When I started here at The Northwest School, I learned that there was an international student program. I had never heard of any schools having an international student program. I thought that this was a good thing for adolescents at NWS from Seattle to meet kids from all over the world, but when I began here at school it seemed like NWS consisted of two different communities: dorm students and domestic students.  

Both domestic and dorm students have said that it is like there are two different communities in the school. In the hallways dorm students have been referred to as “them” when being talked about by many domestic students, or the other way around. I was really curious as to why there was such a big barrier between the international and the domestic students. I also wanted to learn more about what it’s like for international students to go to a school in a whole different country. I interviewed many dorm students and a few domestic students to get different perspectives on this issue.  

Language is a major reason for the barrier between the dorm and domestic students. Since English is many of the dorm students’ second or third languages, many of the domestic and dorm students I talked to said that they felt like it’s sometimes hard to communicate with one another. One domestic student expressed the reason that he doesn’t interact with the dorm students saying, “the international students always hang out in a big group. They go in packs, and it’s a bit scary to put yourself out there, you know? Especially when you’re trying to connect with some people who are already comfortable around each other, and you feel like the odd one out. They speak their native languages when they’re around each other, and it’d probably be really awkward to go over to them and randomly start talking to them in English.” The dorm perspective on the language barrier is that they feel like because their English is, as a ‘22 domestic student stated, “bad” the domestic students don’t want to put so much effort into trying to understand them. This is the result of many domestic students not going to talk to dorm students, and dorm students not going to talk to domestic students.

Another dorm student I talked to, who wishes to stay anonymous, talked about how she felt like the domestic students aren’t interested in friendship with her and the other dorm students. She also mentioned that she felt like because English isn’t her first language, and the dorm students and domestic students come from different countries, the dorm and domestic students don’t really have much to talk about.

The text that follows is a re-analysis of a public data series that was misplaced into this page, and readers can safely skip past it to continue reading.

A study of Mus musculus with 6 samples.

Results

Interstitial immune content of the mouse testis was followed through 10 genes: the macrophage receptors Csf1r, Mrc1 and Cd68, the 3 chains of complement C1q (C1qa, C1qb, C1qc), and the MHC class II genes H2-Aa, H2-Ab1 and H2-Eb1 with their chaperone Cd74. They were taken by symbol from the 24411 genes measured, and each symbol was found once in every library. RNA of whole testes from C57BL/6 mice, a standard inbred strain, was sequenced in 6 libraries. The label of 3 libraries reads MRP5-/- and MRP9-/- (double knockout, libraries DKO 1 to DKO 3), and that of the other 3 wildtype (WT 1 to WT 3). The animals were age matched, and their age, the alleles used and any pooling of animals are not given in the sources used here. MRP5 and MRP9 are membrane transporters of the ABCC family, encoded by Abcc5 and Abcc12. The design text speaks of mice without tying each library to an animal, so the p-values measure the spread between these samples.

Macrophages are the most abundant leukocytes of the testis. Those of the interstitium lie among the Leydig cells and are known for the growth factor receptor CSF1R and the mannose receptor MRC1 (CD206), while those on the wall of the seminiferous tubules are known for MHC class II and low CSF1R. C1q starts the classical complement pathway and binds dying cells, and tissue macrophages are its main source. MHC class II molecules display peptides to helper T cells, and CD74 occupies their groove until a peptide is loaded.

Talking to one of the class of ‘25 students, he said “People are all saying the language that I am not familiar enough with and quite different, it makes me feel strange, but I am getting used to it.” “The non-international students are nice, but we’re not really friends” 

 When I asked David (Jiaming) L. ‘22 about what his experience is like here at Northwest when interacting with the domestic students, he talked about how most of the domestic students were mostly just classmates and not friends with him. “I wouldn’t say friends, but we have known each other since we were in the same class as last year. I don’t really know them. I know their names and a bit of their personalities. We don’t really talk. So, I wouldn’t say we’re friends.” 

Language was not the only reason brought up by the students I interviewed for the major barrier between dorm and domestic students. For example, food is another major cultural difference.. Onedorm student said that “The food is very different.” One of her friends agreed and added that she felt like a lot of the “Asian” food here in capitol hill is good but, in their words, “Fwasian food” (Fake White Asian Food). She talked about how she felt like there wasn’t much to connect about with the domestic students because the dorm and domestic students are so different. Another girl from the class of ‘23 that I interviewed said that she felt like there wasn’t much to talk about with the domestic students here, because “We are different. We talk different. We think different. We don’t have things in common.” But she also said that “Even with our differences, I wish we were altogether, and not separate. I wish we could all be friends, and not be groups based off of race, language, color, or nationality” 

As much as the barrier is about major cultural differences, it is also about the fear that many students have of putting themselves out there to people who we think are very different from us. This barrier also looks like closing ourselves off to people who we feel have nothing in common with. For both dorm and domestic students, as much as we may have major cultural differences, we have to remember that we are all human. Even if we may be very different, we still have the capability of talking with one another. This is not about going and finding a dorm or domestic student and becoming best friends, but it is about the fact that there has been a big want for connection from all students, so take a step, and try to connect with one another.